Say I have a server and I would like to do following:

  • change SSH port to 33333
  • disable root login
  • disable password login and only allow key-based auth

I am not interested in the instructions to do these tasks. There are tons of stuff online.

My question is about the best practices.

Here are a couple of problems:

  • When I change the default SSH port with a playbook, I cannot run the same playbook again on the same host. This is because I need to change the SSH port parameter in inventory file after the playbook is run once.
  • Similar to above, I use root to login to system and once the root login is disabled, I need to change the 'remote_user' parameter somewhere.
  • Disabling login by password causes problems similar to above.

I would also appreciate if I have some fundamental problems about my approach.

  • Changing the SSH port is not bast practice in the first place. What you are talking about is "security through obscurity" which is more a sarcastic joke than an actual security practice.
    – MillerGeek
    Aug 27, 2016 at 1:26
  • Yeah, you're right but that's just an additional thing I would like to do.
    – Ali Ok
    Aug 28, 2016 at 9:37

3 Answers 3


Like @mwp I have playbook to init ansible. It creates special user (named 'ansible) to connect to server, add them to sudoers. This playbook is so minimal as possible.

# This playbook for prepare server for ansible.

- name: add role ansible_init
  hosts: '{{ target }}'
  remote_user: root
    - ansible_init

Role 'ansible_init' is:


- name: install ansible client library
  yum: name={{ item }} state=latest
    - libselinux-python
    - policycoreutils-python

- name: useradd ansible
    name={{ ansible_init.ansible_user.login }}
    password={{ ansible_init.ansible_user.password }}

- name: add default ssh key for ansible user
    user={{ ansible_init.ansible_user.login }}
    key="{{ lookup('file', '{{ ansible_init.ansible_user.ssh_key_file }}') }}"

- name: nopasswd sudo for ansible user
  lineinfile: "dest=/etc/sudoers state=present regexp='^{{ ansible_init.ansible_user.login }}' line='{{ ansible_init.ansible_user.login }} ALL=(ALL) NOPASSWD: ALL'"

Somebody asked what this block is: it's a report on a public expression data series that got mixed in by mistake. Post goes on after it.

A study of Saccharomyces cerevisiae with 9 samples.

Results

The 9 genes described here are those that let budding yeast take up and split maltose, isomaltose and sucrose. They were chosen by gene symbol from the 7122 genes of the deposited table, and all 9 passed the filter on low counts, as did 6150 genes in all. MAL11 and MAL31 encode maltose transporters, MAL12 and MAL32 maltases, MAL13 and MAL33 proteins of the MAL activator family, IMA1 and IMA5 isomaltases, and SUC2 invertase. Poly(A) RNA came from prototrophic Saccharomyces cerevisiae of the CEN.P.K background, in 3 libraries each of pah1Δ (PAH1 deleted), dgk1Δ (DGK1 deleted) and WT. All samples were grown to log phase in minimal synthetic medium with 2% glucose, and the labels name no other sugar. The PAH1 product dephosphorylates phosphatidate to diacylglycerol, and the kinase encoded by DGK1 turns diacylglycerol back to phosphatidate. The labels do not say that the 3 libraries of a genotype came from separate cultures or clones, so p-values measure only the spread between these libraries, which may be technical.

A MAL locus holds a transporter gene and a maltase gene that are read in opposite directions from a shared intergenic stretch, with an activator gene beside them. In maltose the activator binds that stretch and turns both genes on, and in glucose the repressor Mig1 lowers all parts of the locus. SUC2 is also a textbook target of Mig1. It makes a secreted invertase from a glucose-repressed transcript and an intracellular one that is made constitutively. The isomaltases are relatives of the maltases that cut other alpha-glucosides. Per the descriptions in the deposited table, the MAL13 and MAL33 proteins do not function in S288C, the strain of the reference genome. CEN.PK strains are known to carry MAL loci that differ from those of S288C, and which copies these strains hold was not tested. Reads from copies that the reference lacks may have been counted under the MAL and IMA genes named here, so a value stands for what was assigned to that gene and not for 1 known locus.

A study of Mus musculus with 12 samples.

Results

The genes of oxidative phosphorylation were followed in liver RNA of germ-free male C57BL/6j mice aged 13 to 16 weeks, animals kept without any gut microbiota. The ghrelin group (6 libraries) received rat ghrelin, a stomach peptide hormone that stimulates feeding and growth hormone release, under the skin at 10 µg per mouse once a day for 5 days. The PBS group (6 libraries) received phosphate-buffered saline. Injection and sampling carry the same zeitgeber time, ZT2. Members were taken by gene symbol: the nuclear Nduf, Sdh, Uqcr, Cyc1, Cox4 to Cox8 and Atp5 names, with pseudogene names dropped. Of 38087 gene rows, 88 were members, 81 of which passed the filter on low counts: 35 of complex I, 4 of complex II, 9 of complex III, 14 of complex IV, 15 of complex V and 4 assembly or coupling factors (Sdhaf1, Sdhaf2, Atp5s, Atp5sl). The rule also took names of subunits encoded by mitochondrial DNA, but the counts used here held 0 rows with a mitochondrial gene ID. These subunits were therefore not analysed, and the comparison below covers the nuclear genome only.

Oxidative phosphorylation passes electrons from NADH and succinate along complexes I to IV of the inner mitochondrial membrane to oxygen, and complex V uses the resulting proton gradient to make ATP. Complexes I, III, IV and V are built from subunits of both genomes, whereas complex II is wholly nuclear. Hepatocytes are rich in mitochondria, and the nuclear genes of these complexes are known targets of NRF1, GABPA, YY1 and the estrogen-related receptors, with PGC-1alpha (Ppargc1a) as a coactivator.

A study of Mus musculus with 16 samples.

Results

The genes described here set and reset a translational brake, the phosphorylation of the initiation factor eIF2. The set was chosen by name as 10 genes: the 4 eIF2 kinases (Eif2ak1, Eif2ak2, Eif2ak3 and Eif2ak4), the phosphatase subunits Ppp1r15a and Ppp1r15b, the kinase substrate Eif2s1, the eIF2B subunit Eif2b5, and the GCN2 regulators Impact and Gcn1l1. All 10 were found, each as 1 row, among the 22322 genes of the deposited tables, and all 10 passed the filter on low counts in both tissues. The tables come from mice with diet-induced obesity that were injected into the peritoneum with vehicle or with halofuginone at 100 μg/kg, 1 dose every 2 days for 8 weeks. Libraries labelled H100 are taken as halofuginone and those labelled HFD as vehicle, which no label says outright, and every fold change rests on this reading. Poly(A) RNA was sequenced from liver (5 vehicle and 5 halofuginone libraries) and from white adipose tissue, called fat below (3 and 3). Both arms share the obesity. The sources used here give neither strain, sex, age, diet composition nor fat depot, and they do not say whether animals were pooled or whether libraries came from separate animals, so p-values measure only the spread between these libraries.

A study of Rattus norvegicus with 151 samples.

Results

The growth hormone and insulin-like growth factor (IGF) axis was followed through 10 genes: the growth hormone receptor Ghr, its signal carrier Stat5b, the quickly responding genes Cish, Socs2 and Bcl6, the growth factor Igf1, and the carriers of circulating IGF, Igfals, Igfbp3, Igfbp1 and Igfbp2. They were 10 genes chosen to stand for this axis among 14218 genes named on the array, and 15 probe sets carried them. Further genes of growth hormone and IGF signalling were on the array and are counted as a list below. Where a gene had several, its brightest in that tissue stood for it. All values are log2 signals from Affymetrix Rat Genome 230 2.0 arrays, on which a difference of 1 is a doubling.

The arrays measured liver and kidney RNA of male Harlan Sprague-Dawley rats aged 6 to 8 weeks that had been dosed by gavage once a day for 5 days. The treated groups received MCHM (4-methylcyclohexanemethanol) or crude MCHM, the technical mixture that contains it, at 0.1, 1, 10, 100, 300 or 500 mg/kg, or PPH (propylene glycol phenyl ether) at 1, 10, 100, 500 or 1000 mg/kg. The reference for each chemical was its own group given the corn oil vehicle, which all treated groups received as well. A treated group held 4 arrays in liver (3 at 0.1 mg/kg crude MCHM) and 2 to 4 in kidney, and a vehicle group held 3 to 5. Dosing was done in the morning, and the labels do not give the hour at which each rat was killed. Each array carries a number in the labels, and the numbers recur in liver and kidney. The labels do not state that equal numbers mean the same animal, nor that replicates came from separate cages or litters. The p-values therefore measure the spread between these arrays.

Other actions performed as ansible user (remote_user = ansible in ansible.cfg).

A number playbooks for setup servers (mail, db, web etc.) include nessesary roles, common steps separated in common playbook (which included as first step). Common playbook sets up sshd, firewalld, fail2ban, installs additional repos, server's known_hosts etc.

Typical playbook looks like:

# This playbook deploys 'webserver' server.

- include: init_server.yml

- name: deploy 'webserver'
  hosts: '{{ target | default("webservers") }}'
  become: true
  become_user: root
    - git
    - nginx

init_server.yml never called directly, from concrete playbook only.


I maintain a "bootstrap" playbook, separate from my other playbooks and roles, that does the initial work of installing python 2.x and python-apt or python 3.x and python3-apt (using local_action and ssh), creating users and granting sudo access, locking down root and SSH, etc. If I need to bootstrap new host(s), I run the playbook with the limit (-l or --limit) option. If I need to touch up existing hosts, e.g. add new users, I run the playbook and pass in extra variables (-e or --extra-vars) to override the SSH username and port. My tasks are parameterized such that they use sudo (or not) or become (or not) depending on the variable definitions, e.g.:

- hosts: all
    ansible_user: root
  become: "{{ ansible_user != 'root' }}"

Let me know if you have further questions and I will do my best to expand upon this answer!


One approach is to handle as much of this as you can prior to boot. That is, modify the image you're booting off of so that it already has the necessary changes in place. With Amazon this would be building a custom AMI; with other provisioning methods there will be different technology underlying it, but the principle is the same.